740.5 MAP/1–350

Memorandum by the Director of the Mutual Defense Assistance Program (Bruce) to the Secretary of State 1

top secret

As you are aware, the Mutual Defense Assistance Program was developed by the FACC, consisting of representatives of the Secretaries of Defense and State and the Administrator, ECA, pursuant to basic policy established by Presidential approval of NSC 14/1.2 This program was developed, and has been presented to and approved by the President and the Congress, on the basis of a global survey of requirements for military assistance and the allocation of resources, available for such assistance among those nations and in those quantities best designed to promote our national interest.

Under these circumstances, it is essential to point out that in the absence of new legislation, and frequently regardless thereof, the [Page 4] provision of military assistance to countries not included in the Mutual Defense Assistance Act, or on a larger scale than that envisaged in the MDA program, can not be accomplished without either of two results: (a) at the expense of the programs authorized by the President and the Congress as essential to U.S. interests, or (b) by a further depletion of U.S. military stocks, stocks which are already being lowered to the minimum level compatible with security in order to meet the MDA program originally authorized.

In spite of these considerations, NSC decisions have now been taken with respect to Korea (NSC 8/2), Austria (NSC 38/4), Yugoslavia (NSC 18/4) and Asia (NSC 48/2)3 which contemplate the provision of assistance which has not been provided for in MDAP. From the record available to us, it does not appear in any of these cases that there was either inquiry made, or consideration given, to the cost or other consequences of such assistance, either in terms of its effect upon MDAP or the military stock position of the Department of Defense. In the case of Austria, for example, it is estimated that the utilization of military stocks earmarked for MDAP, which is the only feasible method suggested for implementing NSC 38/4, will have most serious consequences in materially reducing the volume of deliveries to North Atlantic Pact countries which can be made this year. The concern with which we view this prospect is exceeded only by our doubt as to whether this result was in fact made known to, and considered by, the NSC in arriving at the conclusions expressed in NSC 38/4. The exact ramifications of implementing this particular decision are being vigorously explored through the FACC and are being communicated to you separately.4 To forestall any possibility that comparable future situations may be considered in a vacuum, we recommend that an effort be made to defer NSC consideration of any new proposals which envisage the provision of military assistance beyond the terms of the Mutual Defense Assistance Program until such proposals can be evaluated by the FACC in terms of their relative value to the United States as compared to other demands upon the limited resources available for such purposes, and a recommendation based thereon can be made to the National Security Council. In other words, FACC would be used by NSC as a subcommittee whenever proposals for military assistance were under consideration. Such a procedure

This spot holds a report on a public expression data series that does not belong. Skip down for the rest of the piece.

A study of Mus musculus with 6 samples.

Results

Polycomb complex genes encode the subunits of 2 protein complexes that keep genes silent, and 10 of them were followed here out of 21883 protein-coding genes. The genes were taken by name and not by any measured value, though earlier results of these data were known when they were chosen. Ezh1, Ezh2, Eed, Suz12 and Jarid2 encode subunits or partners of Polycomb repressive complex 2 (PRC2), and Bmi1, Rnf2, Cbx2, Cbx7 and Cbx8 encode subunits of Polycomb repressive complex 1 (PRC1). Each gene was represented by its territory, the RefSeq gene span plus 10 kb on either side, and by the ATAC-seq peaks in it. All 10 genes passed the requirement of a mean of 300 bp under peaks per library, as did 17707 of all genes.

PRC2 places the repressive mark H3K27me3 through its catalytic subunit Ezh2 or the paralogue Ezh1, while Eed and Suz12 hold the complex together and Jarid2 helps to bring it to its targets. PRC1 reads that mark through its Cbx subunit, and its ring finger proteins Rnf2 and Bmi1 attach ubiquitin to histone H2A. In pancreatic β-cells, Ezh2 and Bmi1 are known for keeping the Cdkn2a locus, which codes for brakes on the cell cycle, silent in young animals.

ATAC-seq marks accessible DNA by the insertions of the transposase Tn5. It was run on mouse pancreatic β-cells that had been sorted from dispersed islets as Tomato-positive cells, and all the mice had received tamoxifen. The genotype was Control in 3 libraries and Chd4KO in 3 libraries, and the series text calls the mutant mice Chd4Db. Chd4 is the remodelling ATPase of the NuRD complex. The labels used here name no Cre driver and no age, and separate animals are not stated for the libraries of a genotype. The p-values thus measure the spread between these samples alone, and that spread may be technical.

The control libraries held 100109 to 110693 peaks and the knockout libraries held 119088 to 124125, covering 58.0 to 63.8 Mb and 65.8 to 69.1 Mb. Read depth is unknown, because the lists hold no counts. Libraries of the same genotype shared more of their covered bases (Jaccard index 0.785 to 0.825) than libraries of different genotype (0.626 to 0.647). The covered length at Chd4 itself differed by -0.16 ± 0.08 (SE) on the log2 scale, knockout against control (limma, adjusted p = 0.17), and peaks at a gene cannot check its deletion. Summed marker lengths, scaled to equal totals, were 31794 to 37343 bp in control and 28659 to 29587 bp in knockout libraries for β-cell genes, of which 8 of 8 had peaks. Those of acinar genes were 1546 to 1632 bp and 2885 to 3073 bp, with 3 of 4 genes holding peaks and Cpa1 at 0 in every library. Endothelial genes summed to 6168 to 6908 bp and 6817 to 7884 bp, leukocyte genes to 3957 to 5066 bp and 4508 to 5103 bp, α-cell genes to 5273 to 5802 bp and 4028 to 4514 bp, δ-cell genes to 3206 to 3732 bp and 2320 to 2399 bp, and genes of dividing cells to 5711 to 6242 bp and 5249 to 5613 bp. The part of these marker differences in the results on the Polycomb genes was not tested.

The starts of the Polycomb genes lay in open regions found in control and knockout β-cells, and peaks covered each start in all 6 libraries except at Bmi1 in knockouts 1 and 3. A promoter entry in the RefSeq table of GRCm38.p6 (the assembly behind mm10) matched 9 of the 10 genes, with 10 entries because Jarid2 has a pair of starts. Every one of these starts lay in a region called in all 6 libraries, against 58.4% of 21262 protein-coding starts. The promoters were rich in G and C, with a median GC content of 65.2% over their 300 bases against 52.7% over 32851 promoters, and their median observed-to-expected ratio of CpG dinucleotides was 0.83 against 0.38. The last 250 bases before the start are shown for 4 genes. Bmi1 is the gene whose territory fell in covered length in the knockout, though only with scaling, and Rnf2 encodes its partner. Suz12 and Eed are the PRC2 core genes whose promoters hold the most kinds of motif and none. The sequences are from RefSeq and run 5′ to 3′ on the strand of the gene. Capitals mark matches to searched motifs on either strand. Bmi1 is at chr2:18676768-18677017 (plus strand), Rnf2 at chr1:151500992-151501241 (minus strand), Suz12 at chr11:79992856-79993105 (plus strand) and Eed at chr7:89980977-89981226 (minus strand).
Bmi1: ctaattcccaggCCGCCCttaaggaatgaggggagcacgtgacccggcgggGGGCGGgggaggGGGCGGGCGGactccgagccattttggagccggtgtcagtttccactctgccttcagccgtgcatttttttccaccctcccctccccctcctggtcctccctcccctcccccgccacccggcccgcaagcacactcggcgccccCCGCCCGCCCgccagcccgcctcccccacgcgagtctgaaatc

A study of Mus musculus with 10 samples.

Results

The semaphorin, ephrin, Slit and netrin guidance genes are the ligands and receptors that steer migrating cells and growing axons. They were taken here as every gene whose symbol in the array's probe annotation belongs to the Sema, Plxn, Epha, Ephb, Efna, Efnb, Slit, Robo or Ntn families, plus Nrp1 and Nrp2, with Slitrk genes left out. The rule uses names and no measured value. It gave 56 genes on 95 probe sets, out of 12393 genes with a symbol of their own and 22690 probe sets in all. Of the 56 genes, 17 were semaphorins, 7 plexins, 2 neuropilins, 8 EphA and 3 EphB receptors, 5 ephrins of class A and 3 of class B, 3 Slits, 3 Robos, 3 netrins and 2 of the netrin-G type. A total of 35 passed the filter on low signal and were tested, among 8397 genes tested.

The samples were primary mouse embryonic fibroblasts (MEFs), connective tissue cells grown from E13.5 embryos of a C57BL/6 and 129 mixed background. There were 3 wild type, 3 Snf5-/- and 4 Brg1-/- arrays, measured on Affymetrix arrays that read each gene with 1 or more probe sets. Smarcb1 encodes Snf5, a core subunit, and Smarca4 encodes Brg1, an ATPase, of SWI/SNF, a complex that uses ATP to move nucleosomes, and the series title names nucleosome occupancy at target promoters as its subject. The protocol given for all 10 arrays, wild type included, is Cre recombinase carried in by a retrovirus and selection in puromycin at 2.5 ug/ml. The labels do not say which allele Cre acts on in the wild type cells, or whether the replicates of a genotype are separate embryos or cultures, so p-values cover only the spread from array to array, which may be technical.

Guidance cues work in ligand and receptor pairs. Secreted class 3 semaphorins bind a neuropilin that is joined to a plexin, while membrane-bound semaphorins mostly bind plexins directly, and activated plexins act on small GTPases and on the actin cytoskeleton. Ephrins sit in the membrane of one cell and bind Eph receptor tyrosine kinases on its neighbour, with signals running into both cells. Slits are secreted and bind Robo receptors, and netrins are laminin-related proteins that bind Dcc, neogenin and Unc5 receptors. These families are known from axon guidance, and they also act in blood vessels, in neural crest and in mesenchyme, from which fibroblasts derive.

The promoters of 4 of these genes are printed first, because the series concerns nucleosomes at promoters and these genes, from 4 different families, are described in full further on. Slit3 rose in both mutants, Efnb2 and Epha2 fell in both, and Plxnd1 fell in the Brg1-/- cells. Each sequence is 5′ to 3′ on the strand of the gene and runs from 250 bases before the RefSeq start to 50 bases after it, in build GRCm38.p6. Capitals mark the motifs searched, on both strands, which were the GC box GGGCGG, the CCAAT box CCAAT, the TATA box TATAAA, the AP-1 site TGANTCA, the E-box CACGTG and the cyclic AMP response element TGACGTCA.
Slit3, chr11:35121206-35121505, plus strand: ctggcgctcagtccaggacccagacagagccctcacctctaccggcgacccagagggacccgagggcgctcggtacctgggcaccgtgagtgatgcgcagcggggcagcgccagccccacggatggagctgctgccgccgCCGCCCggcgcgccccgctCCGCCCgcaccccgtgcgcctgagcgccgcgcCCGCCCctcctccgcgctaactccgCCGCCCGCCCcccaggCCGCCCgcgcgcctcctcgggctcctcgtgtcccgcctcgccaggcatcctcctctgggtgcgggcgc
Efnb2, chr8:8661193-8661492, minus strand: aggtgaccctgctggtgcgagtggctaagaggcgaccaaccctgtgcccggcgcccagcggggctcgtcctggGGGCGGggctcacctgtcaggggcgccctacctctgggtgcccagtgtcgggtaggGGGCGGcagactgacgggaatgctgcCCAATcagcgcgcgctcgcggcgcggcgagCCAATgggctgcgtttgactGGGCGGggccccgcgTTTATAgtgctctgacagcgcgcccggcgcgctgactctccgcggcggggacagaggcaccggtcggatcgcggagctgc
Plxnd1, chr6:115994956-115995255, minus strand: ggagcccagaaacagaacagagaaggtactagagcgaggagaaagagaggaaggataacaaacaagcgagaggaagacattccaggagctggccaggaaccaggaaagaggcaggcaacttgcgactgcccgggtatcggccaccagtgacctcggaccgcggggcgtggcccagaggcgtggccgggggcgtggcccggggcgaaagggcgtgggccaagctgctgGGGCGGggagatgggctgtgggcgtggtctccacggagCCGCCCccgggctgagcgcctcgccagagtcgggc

I urge that you advance this recommendation at an early NSC meeting and seek the formal approval thereof.

James Bruce
  1. James Bruce also addressed this memorandum to Under Secretary of State James E. Webb and Deputy Under Secretary of State Dean Rusk.
  2. “The Position of the United States with Respect to Providing Military Assistance to Nations of the Non-Soviet World,” July 1, 1948, approved as governmental policy on July 10 and implemented by enactment on October 6, 1948, of Public Law 329. 81st Congress—the Mutual Defense Assistance Act of 1949, and by Public Law 430, which made appropriations authorized by the enabling act. NSC 14/1 is printed in Foreign Relations, 1948, vol. i, Part 2, p. 585. A progress report on its implementation, dated March 31, 1950, is in the S/S–NSC Files, Lot 63 D 351, NSC 14 Series. Lot 63 D 351 is a serial master file of National Security Council documents and correspondence and related Department of State memoranda for the years 1947–1961, as maintained by the Executive Secretariat of the Department of State.
  3. The texts of these four NSC papers, dated March 22, November 17, November 17, and December 30, 1949, respectively, are in Foreign Relations, 1949, vol. vii, Part 2, p. 969; ibid., vol. iii, p. 1190; not printed; and in ibid., vol. vii, Part 2, p. 1215.
  4. Memorandum entitled “Equipping the Austrian Armed Forces,” January 3, 1950, James Bruce to the Secretary and Under Secretary of State, not printed (740.5 MAP/1–350).